COLUMBIA — So there’s Shilo Sanders, son of the exuberant Deion “Prime Time” Sanders, like his father no stranger to hype and used to getting his way. He’s a top prospect, mentioned by some as maybe one day being as good as his dad, and, as such, he wants to channel Dad.

Deion valued jersey number 21 so much he once bought a brand-new BMW for the Dallas Cowboys' Alundis Brice, who was wearing No. 21 before Deion signed his Dallas contract. Shilo wore the same number in high school, his prep all-star games and in at least one recruiting picture at South Carolina, anticipating he’d wear No. 21 as a Gamecock.

The only problem was No. 21 was already taken by Jamyest Williams. Sanders wasn’t buying any cars to request the number, but he let it be known he’d like to have it.

“I think he might have asked,” Williams, a junior, said as he straightened his No. 21 jersey at USC's Media Day last week, “but veteran rules, you know?”

It’s not fair to say the shiniest bauble of Will Muschamp’s first USC recruiting class hasn’t lived up to his billing. Williams hasn’t been able to finish each of his first two seasons due to a nagging shoulder injury, now twice surgically repaired, and last season he was moved to safety from his natural nickel spot because the Gamecocks needed someone there with game experience.

His stats are actually pretty good, considering. Williams has 70 tackles, five for loss, three interceptions and a recovered fumble in just 19 games. He’s started 10 games, including four of eight last year before the shoulder gave out again.

Yet there is that lingering question: Will the kid who picked the plain USC cap over the shiny silver one stamped with Georgia’s “G” logo ever be the dominant player that everyone expected? Williams was so good in high school that Ohio State's Urban Meyer recruited him as a running back.

He turned that down along with multiple other offers to play defensive back for Muschamp. Williams has been good, but time’s running out for him to be great.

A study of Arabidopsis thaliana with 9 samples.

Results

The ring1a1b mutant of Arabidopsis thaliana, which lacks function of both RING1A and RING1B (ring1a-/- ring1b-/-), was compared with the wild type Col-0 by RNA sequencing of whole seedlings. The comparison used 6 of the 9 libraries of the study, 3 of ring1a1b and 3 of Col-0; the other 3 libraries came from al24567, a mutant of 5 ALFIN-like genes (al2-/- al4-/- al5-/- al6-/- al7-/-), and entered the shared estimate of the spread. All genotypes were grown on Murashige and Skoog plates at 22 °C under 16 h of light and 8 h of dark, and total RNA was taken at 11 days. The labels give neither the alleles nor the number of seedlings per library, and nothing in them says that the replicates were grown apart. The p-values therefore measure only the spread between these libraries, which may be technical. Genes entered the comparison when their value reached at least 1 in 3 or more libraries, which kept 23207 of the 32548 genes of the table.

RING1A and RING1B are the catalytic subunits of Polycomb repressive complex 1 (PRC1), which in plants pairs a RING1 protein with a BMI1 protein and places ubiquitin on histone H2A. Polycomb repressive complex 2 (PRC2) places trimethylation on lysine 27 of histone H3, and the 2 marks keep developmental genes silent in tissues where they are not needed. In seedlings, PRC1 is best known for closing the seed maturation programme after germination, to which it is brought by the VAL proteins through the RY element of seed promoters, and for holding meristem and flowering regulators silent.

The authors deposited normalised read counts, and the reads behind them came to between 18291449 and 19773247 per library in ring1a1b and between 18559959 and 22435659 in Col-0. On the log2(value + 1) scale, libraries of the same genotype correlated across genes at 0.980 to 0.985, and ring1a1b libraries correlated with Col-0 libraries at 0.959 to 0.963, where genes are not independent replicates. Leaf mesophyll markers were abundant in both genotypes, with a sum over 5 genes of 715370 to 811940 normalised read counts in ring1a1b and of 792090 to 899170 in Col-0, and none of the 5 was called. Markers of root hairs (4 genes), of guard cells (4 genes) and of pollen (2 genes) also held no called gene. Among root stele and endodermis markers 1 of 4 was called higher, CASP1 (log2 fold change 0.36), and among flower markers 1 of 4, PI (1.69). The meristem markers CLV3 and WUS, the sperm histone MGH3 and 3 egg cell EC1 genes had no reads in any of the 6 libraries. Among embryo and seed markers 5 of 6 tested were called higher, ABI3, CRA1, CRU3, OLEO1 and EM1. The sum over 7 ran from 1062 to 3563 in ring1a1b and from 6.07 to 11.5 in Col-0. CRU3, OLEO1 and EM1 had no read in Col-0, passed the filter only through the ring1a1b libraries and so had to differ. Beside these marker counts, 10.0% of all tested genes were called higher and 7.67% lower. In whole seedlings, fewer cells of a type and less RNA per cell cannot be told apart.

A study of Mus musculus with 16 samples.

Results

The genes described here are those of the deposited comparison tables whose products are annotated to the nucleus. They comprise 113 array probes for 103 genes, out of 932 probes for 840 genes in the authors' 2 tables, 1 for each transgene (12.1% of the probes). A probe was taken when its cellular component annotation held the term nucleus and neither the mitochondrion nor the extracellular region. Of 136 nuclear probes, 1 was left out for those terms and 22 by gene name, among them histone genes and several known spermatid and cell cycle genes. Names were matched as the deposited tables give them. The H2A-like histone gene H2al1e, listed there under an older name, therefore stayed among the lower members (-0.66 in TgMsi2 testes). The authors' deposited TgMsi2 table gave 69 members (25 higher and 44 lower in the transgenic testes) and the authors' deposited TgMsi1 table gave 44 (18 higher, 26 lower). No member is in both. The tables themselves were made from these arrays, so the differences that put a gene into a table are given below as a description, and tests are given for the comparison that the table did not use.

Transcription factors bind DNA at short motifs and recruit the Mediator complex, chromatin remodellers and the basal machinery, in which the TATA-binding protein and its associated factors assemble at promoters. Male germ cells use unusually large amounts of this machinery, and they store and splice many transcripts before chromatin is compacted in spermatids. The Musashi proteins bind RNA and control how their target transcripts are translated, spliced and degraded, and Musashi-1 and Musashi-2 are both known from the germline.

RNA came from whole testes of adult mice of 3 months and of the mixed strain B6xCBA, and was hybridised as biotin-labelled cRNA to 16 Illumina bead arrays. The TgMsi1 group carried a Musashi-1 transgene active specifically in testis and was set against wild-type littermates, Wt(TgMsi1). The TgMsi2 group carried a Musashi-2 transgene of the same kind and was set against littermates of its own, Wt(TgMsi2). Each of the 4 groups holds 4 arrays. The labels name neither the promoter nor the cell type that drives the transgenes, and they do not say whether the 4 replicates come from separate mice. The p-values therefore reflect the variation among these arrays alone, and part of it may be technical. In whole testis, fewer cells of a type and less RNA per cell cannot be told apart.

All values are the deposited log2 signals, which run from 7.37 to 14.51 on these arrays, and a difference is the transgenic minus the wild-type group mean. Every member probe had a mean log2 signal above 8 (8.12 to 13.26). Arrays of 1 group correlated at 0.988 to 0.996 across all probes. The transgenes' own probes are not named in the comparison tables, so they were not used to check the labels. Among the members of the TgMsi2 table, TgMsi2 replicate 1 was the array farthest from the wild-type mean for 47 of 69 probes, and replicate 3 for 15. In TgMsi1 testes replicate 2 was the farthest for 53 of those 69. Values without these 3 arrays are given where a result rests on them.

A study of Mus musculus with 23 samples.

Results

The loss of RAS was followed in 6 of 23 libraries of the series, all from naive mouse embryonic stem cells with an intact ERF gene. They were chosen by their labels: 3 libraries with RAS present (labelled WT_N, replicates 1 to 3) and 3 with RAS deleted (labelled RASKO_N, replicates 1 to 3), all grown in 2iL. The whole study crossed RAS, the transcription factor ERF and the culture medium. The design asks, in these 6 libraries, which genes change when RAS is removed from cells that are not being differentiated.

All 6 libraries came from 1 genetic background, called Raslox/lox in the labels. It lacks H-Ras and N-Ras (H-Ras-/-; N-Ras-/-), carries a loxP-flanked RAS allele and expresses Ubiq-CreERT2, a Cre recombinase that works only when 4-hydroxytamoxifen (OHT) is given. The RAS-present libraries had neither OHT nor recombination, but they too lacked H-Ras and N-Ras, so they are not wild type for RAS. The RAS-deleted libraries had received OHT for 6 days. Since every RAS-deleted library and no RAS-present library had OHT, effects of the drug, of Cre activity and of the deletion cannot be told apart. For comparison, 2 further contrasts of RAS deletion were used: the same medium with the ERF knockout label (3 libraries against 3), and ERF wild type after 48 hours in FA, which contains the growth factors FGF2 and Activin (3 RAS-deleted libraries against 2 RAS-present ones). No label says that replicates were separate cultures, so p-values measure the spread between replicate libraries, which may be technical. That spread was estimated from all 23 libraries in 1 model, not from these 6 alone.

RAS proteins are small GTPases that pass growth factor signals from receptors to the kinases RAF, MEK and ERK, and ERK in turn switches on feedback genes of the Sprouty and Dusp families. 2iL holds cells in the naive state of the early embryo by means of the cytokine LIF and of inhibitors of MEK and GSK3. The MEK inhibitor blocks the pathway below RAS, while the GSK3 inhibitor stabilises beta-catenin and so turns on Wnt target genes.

“I expect Jam to be a leader. I think we all do as a staff,” USC assistant coach Kyle Krantz said. “He’s been in the room the longest. We expect him to show the way, be the standard, this is how we operate, this is how we meet, this is how we practice, this is how we play.”

Williams was solid as a nickel in 2017, but the Gamecocks had to move him in 2018. They had one experienced safety on the roster (Steven Montac) and Williams had played more snaps than any other candidate (although not at safety), so a reluctant Muschamp moved Williams to safety.

Then J.T. Ibe recovered from the hip injury that cost him most of camp and took the starting job, while Williams moved back to nickel. But freshman Jaycee Horn was playing very well at nickel and wasn’t going to cede his spot.

Williams replaced Ibe after four games and started the next four before the shoulder ended his season. Coming into this year, Horn was listed on the preseason depth chart as a starting corner and backup nickel while Williams was a backup safety, again behind Ibe.

Of course, that was a preseason depth chart and doesn't mean much now. Especially after Muschamp claimed that a few players who missed spring practice would have to earn their places, which would be much more believable if three of them — Rico Dowdle, Javon Kinlaw and T.J. Brunson — weren’t among those few.

Williams knows that but also knows he has a lot to prove. He can’t be tentative despite a twice-injured shoulder, and has to lead even if he’s not a starter once the season arrives.

“He’s out there moving fast. I wish y’all could see it, you’d see what I’m talking about,” Horn said. “Jam’s moving real good.”

Williams is aiming to move back on the track he was projected on when he committed. To show everybody what No. 21 can do.

Valentine enters portal

Redshirt freshman running back Lavonte Valentine has entered the NCAA transfer portal, USC confirmed.

Valentine didn’t play last year while recovering from a knee injury he suffered in high school. A two-sport athlete, Valentine was able to compete with USC’s track and field team in the spring.

With the addition of Clemson transfer running back Tavien Feaster, the Gamecocks’ running back room got more crowded. With Feaster, Rico Dowdle, Mon Denson, A.J. Turner, redshirt freshman Deshaun Fenwick and true freshman Kevin Harris, reps were going to be hard to come by for Valentine.

Davis could be done

Junior defensive tackle Devontae Davis has a mid-foot sprain and is probably headed for surgery. If he does have the operation, it would probably be a season-ender. 

Follow David Cloninger on Twitter @DCPandC.

From Rock Hill, S.C., David Cloninger covers Gamecock sports. He will not rest until he owns every great film and song ever recorded.